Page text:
30th April 2015

By Wayne Hall

You are what you wear! Or are you? Do the clothes you wear make a difference in business and is what you wear a direct reflection on your company.

For those of you now concerned Directors Cut has turned into a fashion column you can breath easy.

I actually had this conversation with a supplier and a colleague last week and its not the first time I’ve had it. I’ve found over the years it’s quite an emotive subject on several levels and the opinions are so incredibly varied on what’s appropriate and why. For this reason I felt it was worth writing about and giving an opinion.

The conversation was a primarily about whether it was appropriate to wear jeans in front of a client. The two standpoints were, that it was absolutely fine, whilst the other was definitely not. So in short, a wide and passionate gap exists from these two very different people to a certain degree doing the same job – getting in front of the client.

In my mind there has to be more to it than just, what you feel is right. To me there should be some very sound reasons for assessing whether what you wear in your working life is appropriate or not.

As a side note, working in the creative industry I also feel what you wear is in fact very much a part of the brand of your company, and therefore is possibly more important than most people think. It can actually be a way to convince clients about your company’s suitability one-way of the other.

For this reason I do believe the clothes you wear are indeed a direct reflection – good, bad or indifferent – of your business and therefore here are my thoughts on how you can decide what’s appropriate or not.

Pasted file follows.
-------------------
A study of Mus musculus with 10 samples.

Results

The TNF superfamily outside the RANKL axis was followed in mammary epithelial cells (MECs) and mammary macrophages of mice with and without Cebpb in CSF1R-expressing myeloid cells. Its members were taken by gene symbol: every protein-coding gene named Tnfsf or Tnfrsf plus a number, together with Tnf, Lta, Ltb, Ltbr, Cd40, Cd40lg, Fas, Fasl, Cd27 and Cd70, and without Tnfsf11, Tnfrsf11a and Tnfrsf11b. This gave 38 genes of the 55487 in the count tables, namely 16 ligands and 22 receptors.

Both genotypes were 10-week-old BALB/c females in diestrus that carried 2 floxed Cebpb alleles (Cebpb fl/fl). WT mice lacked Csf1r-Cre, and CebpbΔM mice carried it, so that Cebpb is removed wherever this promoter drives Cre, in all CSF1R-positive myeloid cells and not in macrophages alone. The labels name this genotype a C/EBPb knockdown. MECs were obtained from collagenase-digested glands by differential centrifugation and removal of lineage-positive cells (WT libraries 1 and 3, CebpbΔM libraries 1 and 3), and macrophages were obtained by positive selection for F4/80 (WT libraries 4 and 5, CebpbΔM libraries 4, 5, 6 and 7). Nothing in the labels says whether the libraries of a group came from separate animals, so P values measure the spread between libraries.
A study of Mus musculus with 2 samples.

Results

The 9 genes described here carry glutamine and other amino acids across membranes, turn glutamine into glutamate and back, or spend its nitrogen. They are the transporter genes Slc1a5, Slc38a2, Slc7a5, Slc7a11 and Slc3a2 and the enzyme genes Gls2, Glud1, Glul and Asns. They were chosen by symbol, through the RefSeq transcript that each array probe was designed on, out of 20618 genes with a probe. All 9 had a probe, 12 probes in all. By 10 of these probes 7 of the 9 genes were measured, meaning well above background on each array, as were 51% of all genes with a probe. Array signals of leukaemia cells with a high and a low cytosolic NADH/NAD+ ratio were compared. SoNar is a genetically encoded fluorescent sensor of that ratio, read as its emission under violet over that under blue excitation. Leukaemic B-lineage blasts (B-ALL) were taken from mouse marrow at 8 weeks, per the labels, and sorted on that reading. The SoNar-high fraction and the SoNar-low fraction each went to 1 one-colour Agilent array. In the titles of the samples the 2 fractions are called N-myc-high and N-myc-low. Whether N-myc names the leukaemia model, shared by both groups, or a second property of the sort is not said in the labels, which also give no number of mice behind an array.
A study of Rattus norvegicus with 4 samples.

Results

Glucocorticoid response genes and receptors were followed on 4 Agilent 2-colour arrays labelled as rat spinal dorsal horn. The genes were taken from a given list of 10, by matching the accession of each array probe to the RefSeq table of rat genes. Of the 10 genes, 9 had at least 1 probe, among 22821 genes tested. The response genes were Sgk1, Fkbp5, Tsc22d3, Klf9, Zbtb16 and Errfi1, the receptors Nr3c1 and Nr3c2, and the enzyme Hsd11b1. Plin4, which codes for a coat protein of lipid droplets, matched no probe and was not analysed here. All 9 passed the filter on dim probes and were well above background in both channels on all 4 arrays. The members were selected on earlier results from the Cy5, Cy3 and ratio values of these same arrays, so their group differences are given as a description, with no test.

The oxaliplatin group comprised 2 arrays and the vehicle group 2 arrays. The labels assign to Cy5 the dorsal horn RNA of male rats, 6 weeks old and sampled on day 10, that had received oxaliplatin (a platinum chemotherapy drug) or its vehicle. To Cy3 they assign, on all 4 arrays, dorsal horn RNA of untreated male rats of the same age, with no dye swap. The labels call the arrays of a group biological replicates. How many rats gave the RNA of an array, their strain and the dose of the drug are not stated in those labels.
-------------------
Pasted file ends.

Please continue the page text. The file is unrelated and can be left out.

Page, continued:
I feel there are three key aspects that define working dress sense. These are your business sector, your position and your client base.

Firstly, in your business sector, this has a huge theoretical impact because its holds the biggest indicator of – what people expect you to wear.

There are of course the obvious ones such as uniforms. Things you literally have to wear and it should not be missed that a great deal of effort goes into designing uniforms so that they convey all the right messages. To me this means we should certainly take this subject seriously.

But when we are not dictated to, it’s then up to us to decide what we are expected to look like to convey our business sector and our company best.

In the creative industry it’s quite normal, and know one would think any less of you, if you turned up to a new business meeting more casually dressed.

In fact it could be considered a bad move to turn up in a suit. Whilst it potentially would be considered the “right thing to do” your new client may be inclined to feel you are more of a conformist, less of a rebel and therefore not as creative as other contenders.

Secondly your position within the company is also important in how you dress.

Again in the creative industry you can define two types of casual. An Account Director is more likely to turn up in jeans, shirt and smart jacket whilst a creative could easily turn up in a t-shirt. Both are considered casual but each one carefully denotes position within the company and potentially how good or bad you are at your job. Would you trust a Creative Director who dressed like an accountant on your campaign?

Thirdly your client base is also fundamental to denoting the exact specifics of how you dress.

To use myself as an example I have a range of clients in the professional sector in London. They themselves have two very distinctive dress codes depending on whether they are West End or City based.

The City code is suits and ties. The West End is more open neck and they define their regions this way.

To the City, if I were to turn up to a meeting in jeans it would possibly be considered to shabby. To them, a slightly – way from the norm – suit and open necked shirt is possibly as casual as they would like to see. West End clients would expect to see jeans and smart jacket.

Both casual in their own ways.

So there you have it. Three simple guidelines to wearing what’s appropriate and giving clients the right impression about your company other than “you should always turn up in suit”. That may actually be doing you more harm than good.